Caterpillar lowered its outlook for 2013 after reporting a drop in third-quarter sales and profits from the same period last year.
The company said today that sales and revenues for the quarter that ended Sept. 30 were $13.4 billion, down from $16.4 billion in the quarter last year.
Profit for the quarter was $946 million, or $1.45 a diluted share, down from $1.7 billion, or $2.54 a share, for the 2012 quarter.
Caterpillar now expects sales and revenues for the year to be about $55 billion, with a profit per share of about $5.50. The previous full-year outlook for sales and revenues was a range of $56 billion to $58 billion, with a profit per share of about $6.50 at the middle of that range.
"This year has proven to be difficult, with expected sales and revenues nearly $11 billion lower than last year,” Caterpillar chairman and CEO Doug Oberhelman said in a statement. “That is a 17 percent decline from 2012, with about 75 percent of the drop from resource industries, which is principally mining. We expect resource industries to be down close to 40 percent for the full year and power systems' and construction industries' sales to each be down about 5 percent.”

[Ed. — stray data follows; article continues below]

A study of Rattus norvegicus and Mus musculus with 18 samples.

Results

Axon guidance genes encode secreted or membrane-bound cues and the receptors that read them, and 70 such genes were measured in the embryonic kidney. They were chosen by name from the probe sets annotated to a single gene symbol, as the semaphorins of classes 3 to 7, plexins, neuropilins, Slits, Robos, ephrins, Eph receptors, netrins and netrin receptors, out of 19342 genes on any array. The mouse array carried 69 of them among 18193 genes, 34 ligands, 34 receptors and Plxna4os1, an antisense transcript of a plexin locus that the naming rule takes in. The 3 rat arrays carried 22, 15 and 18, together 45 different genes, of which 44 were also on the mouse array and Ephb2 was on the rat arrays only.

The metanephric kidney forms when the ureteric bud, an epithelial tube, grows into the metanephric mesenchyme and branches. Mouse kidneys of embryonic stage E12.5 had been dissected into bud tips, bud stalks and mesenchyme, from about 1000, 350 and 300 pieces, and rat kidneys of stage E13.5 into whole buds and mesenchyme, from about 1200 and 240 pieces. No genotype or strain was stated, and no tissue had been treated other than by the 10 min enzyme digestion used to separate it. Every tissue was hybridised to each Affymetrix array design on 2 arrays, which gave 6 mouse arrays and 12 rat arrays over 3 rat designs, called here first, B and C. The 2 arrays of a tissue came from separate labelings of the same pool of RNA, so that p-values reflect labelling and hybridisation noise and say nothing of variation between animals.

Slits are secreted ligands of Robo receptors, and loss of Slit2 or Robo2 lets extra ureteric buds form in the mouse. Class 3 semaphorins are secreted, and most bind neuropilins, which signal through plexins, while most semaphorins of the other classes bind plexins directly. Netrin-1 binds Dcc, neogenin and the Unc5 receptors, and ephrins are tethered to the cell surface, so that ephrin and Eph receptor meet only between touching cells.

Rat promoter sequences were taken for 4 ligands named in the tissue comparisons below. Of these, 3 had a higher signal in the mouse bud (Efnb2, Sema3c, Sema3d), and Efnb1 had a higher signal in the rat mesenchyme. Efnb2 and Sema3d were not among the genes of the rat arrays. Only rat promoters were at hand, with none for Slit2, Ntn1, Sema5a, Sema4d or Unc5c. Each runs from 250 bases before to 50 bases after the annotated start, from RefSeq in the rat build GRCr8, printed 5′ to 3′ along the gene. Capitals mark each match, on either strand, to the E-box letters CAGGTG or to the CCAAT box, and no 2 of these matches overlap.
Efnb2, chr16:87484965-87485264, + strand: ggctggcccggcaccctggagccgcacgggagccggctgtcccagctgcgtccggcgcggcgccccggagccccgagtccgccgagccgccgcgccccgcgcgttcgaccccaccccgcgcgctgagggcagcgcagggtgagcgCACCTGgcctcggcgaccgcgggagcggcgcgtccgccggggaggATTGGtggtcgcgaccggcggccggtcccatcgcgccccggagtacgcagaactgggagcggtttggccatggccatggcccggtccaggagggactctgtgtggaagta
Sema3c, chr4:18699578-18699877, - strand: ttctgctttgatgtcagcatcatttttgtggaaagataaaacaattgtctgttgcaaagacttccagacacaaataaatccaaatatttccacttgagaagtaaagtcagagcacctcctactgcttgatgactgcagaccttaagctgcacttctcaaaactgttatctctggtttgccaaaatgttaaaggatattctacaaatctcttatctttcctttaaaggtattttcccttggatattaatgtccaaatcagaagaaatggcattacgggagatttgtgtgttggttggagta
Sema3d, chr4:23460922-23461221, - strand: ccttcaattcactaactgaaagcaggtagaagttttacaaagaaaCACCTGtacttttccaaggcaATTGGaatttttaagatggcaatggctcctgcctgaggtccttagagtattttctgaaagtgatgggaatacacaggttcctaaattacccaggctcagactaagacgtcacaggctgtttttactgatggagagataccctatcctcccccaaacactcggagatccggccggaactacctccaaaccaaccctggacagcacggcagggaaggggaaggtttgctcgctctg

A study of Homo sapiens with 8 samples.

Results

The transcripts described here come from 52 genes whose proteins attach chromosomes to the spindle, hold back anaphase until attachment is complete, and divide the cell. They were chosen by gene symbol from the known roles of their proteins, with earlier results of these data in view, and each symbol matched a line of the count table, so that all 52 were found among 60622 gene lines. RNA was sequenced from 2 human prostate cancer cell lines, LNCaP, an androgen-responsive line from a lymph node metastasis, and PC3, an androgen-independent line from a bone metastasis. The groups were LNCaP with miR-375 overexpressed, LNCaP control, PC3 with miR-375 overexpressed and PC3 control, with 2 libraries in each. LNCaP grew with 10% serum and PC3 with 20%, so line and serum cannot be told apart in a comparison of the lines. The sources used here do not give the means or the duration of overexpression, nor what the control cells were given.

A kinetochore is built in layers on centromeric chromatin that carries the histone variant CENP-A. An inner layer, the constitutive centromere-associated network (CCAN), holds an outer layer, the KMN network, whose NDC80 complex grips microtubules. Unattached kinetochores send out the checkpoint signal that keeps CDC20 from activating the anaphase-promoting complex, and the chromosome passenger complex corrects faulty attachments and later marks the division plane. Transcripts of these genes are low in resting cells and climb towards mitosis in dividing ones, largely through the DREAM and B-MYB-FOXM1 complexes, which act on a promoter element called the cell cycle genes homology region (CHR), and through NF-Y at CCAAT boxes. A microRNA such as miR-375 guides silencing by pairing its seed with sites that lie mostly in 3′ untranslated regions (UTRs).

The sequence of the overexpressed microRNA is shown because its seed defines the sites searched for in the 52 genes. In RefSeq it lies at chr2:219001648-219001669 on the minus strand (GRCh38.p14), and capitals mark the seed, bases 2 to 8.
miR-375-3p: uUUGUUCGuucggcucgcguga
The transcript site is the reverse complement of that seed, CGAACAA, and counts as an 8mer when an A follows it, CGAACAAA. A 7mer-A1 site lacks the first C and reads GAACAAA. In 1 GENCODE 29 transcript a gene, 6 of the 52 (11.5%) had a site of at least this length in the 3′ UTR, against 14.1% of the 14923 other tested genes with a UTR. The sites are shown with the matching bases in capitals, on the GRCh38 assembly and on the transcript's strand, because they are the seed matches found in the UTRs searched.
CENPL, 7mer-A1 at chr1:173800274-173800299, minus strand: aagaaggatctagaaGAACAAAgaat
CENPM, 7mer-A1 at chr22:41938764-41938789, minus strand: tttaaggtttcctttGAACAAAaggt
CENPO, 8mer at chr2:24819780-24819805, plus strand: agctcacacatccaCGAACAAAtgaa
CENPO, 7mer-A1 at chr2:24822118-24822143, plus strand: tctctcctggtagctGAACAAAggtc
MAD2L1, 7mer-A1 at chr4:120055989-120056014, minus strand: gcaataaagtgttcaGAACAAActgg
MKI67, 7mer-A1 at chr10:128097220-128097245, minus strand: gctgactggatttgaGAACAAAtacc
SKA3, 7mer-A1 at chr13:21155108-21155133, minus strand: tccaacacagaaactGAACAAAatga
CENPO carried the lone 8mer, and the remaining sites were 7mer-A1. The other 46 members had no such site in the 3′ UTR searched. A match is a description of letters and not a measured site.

The magnitude of the sales decline in sales in 2013 has resulted in substantial actions to lower production, costs and employment.
Actions already taken include many temporary plant shutdowns, a reduction of more than 13,000 in the company’s global work force in the past year, temporary layoffs for thousands of salaried and management employees, reductions in program spending, substantially lowered incentive pay, lower capital expenditures and the implementation of general austerity measures across the company.
The power systems segment has performed well, Oberhelman said. “It's our largest segment, with sales and profit that has been relatively stable in 2013.”
In the third quarter, Machinery and Power Systems’ operating cash flow was $2.1 billion, and the company is expecting 2013 to be the second-best year in its history for cash flow and not far from the all-time record.
"With $11 billion coming off the top line, it has been a painful year and has required wide-ranging and substantial actions across the company. … We've continued to improve our operational performance this year, and it's unfortunate that the improvements we've made have been far overshadowed by the sales decline in mining,” Oberhelman said.